Heart disease is the leading cause of death in the United States as well as in the world overall. “And South Asians, for us, fats are a gesture of love. The more ghee you add into the meal, the more love you add. But it’s time to change our diets and lifestyle because this disease can be battled,” says Akil Taher, M.D. He is a septuagenarian endurance athlete and a physician based in Atlanta, Georgia. He is also a survivor of heart disease.
In his 60s, after a bypass—and his own bevy of ailments—when most would retreat to a rocking chair and an overly-cautious lifestyle, Taher decided a transformation was in order. Just eight months after his surgery, he ran and completed a his first half-marathon, the 13.1-mile Nashville Country Music Half Marathon in Tennessee. Subsequently, he completed a full marathon in Chicago in 3 hours, joining less than 1% of the US population that has run a full marathon. Ever since, he’s run, swum, biked and mountaineered around the world; embraced spirituality and now relies on a whole foods, plant-based (WFPB) diet.
“You know,” he says emphatically, a twinkle of vitality shining through his eyes. “Adversity brings out the best in people. “It can, if you choose to treat it as a friend, instead of an enemy.” He was not always so genial and eager to connect with people. By his own admission, he used to have an acerbic personality—which also changed with his lifestyle.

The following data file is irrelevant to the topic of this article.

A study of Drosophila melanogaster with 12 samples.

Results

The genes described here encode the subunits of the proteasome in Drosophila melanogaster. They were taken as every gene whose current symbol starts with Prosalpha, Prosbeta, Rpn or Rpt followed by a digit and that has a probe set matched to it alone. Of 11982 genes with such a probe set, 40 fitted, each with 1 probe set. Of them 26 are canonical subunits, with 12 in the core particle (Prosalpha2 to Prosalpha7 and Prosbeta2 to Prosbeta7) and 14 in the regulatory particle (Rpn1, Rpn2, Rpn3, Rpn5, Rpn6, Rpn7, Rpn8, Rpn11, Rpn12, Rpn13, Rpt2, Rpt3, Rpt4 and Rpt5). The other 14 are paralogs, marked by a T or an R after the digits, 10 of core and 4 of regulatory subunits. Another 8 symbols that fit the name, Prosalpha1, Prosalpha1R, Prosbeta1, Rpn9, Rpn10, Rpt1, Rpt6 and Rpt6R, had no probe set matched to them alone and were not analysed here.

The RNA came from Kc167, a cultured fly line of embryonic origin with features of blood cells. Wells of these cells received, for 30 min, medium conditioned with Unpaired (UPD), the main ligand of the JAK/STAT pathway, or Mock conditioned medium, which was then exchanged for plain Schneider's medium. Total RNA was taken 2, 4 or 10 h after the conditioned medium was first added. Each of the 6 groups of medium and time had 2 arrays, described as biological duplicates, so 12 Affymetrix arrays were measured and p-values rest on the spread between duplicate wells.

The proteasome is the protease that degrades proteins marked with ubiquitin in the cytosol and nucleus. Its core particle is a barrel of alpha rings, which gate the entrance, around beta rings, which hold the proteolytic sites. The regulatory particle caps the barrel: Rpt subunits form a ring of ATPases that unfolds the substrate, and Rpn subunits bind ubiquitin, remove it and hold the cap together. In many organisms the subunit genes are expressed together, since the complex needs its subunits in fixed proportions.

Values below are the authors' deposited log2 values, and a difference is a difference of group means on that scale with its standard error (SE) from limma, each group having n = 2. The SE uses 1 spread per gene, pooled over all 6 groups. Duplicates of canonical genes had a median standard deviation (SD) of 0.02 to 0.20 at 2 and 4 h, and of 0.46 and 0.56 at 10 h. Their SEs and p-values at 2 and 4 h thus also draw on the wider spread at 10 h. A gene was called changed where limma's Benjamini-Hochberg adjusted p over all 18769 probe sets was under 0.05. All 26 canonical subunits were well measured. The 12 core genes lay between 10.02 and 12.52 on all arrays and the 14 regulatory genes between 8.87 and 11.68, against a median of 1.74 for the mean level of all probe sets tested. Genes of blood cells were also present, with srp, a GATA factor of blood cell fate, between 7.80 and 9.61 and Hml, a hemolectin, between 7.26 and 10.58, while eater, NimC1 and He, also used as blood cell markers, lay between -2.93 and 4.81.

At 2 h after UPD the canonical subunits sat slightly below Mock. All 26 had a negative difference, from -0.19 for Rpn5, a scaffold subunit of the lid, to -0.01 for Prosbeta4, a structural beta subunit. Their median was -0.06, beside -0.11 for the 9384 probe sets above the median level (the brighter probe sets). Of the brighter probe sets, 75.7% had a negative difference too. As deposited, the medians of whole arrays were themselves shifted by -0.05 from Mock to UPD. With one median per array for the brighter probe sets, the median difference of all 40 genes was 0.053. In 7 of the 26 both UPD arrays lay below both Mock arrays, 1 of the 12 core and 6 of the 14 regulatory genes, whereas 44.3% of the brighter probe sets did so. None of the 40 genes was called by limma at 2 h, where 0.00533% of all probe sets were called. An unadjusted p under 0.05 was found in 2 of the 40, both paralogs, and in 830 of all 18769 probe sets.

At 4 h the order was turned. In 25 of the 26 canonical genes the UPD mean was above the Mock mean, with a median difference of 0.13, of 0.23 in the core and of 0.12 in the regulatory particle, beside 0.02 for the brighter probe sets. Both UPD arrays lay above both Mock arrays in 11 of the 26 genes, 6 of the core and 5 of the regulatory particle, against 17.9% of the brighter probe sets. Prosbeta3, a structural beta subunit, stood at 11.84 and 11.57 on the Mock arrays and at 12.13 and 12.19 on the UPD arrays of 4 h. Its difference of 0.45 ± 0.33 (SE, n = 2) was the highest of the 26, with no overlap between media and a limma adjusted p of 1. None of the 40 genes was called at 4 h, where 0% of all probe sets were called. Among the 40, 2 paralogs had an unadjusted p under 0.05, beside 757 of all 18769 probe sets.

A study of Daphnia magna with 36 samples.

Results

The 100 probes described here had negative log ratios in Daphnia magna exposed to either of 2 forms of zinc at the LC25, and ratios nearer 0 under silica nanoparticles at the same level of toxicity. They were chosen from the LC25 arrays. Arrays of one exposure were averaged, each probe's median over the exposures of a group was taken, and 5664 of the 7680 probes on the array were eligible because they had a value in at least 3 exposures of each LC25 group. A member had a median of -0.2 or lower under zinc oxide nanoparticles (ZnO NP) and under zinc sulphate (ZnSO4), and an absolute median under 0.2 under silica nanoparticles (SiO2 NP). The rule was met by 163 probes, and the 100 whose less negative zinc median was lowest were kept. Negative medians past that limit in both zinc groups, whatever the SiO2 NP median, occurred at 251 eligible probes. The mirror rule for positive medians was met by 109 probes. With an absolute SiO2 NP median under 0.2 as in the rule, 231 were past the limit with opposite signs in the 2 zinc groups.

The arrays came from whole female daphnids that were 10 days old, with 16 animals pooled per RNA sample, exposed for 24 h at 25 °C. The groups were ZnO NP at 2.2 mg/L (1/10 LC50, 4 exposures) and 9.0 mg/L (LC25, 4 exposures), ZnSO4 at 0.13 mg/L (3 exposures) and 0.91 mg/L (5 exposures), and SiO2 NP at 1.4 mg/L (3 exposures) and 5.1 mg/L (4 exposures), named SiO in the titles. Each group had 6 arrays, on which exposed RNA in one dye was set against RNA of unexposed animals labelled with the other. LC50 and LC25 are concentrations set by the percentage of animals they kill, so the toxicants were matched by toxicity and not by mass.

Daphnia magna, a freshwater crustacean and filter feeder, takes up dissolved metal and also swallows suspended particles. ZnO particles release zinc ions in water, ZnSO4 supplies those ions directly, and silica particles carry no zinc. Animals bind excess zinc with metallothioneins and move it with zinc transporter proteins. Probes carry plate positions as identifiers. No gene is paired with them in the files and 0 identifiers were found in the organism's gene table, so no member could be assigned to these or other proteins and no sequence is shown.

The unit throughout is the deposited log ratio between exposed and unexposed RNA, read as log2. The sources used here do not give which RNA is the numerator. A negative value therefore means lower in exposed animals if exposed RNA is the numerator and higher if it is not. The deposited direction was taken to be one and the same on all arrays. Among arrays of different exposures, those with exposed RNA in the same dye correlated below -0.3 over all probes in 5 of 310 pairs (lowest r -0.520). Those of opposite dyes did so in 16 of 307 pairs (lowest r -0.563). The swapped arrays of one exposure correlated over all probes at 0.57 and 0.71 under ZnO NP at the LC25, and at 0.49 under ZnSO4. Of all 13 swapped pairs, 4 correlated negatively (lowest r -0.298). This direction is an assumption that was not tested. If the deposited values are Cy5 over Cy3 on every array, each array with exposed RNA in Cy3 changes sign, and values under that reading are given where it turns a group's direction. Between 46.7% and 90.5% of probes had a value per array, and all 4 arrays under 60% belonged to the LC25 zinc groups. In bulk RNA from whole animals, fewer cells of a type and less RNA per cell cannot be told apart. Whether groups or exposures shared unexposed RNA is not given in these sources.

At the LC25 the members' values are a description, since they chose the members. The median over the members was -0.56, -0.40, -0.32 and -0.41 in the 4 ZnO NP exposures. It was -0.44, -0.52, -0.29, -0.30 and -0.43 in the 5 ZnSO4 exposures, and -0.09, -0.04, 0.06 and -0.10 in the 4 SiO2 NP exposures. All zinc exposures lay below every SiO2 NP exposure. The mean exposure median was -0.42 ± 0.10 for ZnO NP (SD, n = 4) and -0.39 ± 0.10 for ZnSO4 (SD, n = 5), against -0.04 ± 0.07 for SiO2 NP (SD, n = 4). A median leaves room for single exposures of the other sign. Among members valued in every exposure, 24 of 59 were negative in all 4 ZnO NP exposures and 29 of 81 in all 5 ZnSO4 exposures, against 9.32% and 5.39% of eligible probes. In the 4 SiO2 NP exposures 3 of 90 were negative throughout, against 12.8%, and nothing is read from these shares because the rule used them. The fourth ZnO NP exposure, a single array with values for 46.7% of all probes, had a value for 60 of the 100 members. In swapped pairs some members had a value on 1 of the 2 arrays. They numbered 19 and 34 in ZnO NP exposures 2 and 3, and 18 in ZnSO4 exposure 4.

For his transformation, “It’s not bad genetics,” he emphasizes. His own family illness history is nothing to be proud of. “It’s bad diet!”
Now, he’s decided that South Asians need not fall prey to their genes and there is a way to, well, bypass the bypass.
Thanks to the pandemic and some encouragement from his nephew, Asif Mandvi, he has written a book about it.
Open Heart is part memoir, part guide to life and part instruction manual. Taher opens up about his transformation from sedentary slob to a “…beacon of hope for senior citizens navigating the winter of their lives, or the darkest passage of their lives.”
The book has received great praise from a diverse range of people. In the words of Emeritus Professor at Emory University Bhagirath Majmudar M.D., who is also a priest and a poet, the book “… leads by demonstrating how a person, especially a physician, can lift himself from the nadir of negativism to a zenith of zeal.” Go ahead, give it a shot. You will not be disappointed.
There is a Chinese proverb which goes “Man fools himself. He prays for a long life, and he fears an old age.” The book is a must-read for those who have entered the winter of their lives and wish they could do more—to know that they can indeed achieve their secret or not so secret dreams and beat or prevent heart disease.